When South Nyack Mayor Patricia Dubow and Brian Conybeare, an aide to Gov. Andrew Cuomo, took a walk last week to see where the state might build a bike trail as part of the proposed $5.9 billion Tappan Zee Bridge replacement, the had no idea their presence would cause such a stir.
But residents who say they've received mixed messages from the state on whether their homes would be taken by eminent domain to make way for the new span were disturbed when they saw Dubow and Conybeare walking through their neighborhood near the Hudson River.
"Our feeling is, if there is any kind of meeting taking place, we would like to be there," said Melissa Hall, who lives on South Broadway. "We don't want discussions with anything to do with our property without us being present."
The residents' concerns reflect how, after hundreds of community meetings and despite the support of businesses and labor unions, questions remain unanswered about the proposed new bridge, a signature goal of Cuomo's administration. A special panel appointed by Cuomo is assessing bids on the project.
Hall's neighbor, Faith Elliott, and others aired their concerns Tuesday night at a South Nyack Village Board meeting, saying uncertainty over the future of their homes had caused them to lose confidence in state and village government.
"We're basically being held hostage to the process, because we were supposed to be moving now," Elliott told Newsday on Wednesday.
A year ago, Elliot said state officials told her and five other South Nyack homeowners -- who call themselves The Nyack Six -- that their homes would be purchased as part of the proposed bridge project. Appraisers visited the homes and the residents prepared to move, Hall said. Then, in May, state officials said they wouldn't purchase the homes.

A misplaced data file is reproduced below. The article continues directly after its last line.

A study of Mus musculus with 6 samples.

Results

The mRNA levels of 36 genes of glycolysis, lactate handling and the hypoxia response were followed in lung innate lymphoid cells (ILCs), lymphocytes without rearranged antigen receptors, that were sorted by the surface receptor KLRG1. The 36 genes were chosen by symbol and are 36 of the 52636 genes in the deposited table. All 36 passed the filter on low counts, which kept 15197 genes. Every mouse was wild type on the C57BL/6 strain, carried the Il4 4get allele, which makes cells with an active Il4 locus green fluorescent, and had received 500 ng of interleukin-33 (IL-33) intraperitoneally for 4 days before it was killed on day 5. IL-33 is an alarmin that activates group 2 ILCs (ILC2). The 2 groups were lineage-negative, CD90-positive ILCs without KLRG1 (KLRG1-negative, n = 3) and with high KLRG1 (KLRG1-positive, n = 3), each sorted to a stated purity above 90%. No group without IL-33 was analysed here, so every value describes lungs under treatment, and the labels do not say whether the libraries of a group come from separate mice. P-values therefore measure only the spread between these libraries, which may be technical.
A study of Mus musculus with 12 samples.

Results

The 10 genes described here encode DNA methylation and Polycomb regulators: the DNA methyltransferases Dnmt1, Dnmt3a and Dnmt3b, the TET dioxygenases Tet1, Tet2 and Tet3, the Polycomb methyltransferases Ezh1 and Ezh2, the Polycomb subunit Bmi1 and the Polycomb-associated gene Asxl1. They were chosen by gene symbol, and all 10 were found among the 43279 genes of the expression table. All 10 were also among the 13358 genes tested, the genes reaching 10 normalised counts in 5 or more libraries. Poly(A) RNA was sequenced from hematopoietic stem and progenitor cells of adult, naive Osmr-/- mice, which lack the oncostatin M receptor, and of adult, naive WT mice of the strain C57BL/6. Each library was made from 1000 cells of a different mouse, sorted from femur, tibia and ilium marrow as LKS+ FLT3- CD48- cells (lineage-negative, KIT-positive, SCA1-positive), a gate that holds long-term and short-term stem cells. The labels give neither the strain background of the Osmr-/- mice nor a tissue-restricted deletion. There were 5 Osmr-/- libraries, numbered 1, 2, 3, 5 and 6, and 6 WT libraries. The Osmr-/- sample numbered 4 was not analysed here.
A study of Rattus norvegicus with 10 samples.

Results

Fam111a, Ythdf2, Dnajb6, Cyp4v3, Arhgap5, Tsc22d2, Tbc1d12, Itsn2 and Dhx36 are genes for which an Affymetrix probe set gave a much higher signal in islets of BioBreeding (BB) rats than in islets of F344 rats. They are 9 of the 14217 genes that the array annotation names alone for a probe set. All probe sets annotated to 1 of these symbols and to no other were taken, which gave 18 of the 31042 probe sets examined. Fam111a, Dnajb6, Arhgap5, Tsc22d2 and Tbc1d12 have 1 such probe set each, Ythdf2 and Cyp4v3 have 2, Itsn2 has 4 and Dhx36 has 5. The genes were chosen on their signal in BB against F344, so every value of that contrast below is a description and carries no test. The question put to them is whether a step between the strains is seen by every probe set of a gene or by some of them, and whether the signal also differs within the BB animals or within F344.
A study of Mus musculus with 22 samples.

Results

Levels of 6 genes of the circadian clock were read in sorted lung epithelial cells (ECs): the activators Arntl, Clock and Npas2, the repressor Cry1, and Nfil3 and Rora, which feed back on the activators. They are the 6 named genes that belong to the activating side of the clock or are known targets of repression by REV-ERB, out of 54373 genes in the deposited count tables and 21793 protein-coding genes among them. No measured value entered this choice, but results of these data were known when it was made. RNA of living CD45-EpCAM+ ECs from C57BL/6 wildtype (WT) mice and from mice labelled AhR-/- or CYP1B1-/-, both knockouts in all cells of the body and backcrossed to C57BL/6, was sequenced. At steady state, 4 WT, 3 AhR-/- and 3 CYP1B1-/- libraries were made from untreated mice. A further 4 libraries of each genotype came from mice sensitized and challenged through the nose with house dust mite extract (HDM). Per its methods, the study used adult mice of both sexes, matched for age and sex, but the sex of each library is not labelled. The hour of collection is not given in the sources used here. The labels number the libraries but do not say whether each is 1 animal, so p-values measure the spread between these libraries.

The turnabout has caused a lot of stress, said residents, who believe state officials could change their minds once plans for the massive bridge project are finalized. In the meantime, residents said they can't find buyers for their properties as long as the specter of eminent domain hangs over them.
"No one can plan," Hall said. "For a year now, we haven't known what to do. We hesitate to make repairs on the house, regular upkeep, because we don't know if it will be taken from us. We can't make financial plans of the future. A year is a long time to have your biggest investment in question."
Hall and Elliot also cited a May letter from the state Transportation Department that says the homes wouldn't be purchased in part because of "comments received from officials in the Village of South Nyack." But most of the neighbors are open to selling their homes, if only to avoid bridge construction, which is expected to take five years.
"We've confronted the Village Board and said, 'You betrayed us,' " Hall said.
Dubow said the letter referred to routine correspondence between state and local engineers. "It's pretty clear the little Village of South Nyack doesn't have any influence on where the bridge is going to go or where the bridge is not going to go," the mayor said. "We're bystanders, and sometimes we get information."
Conybeare issued a statement Wednesday saying the federal government was largely responsible for the state's change in plans.
"Federal law requires us to minimize the impact of the project on the local community, parkland and homeowners as much as possible," the statement said. "The Federal Highway Administration would not allow the taking of a small park and some historic homes once a viable option was found during the environmental review process, so the plan had to be revised. We continue to work with the South Nyack homeowners affected and village officials on these issues, but no final decision has been made."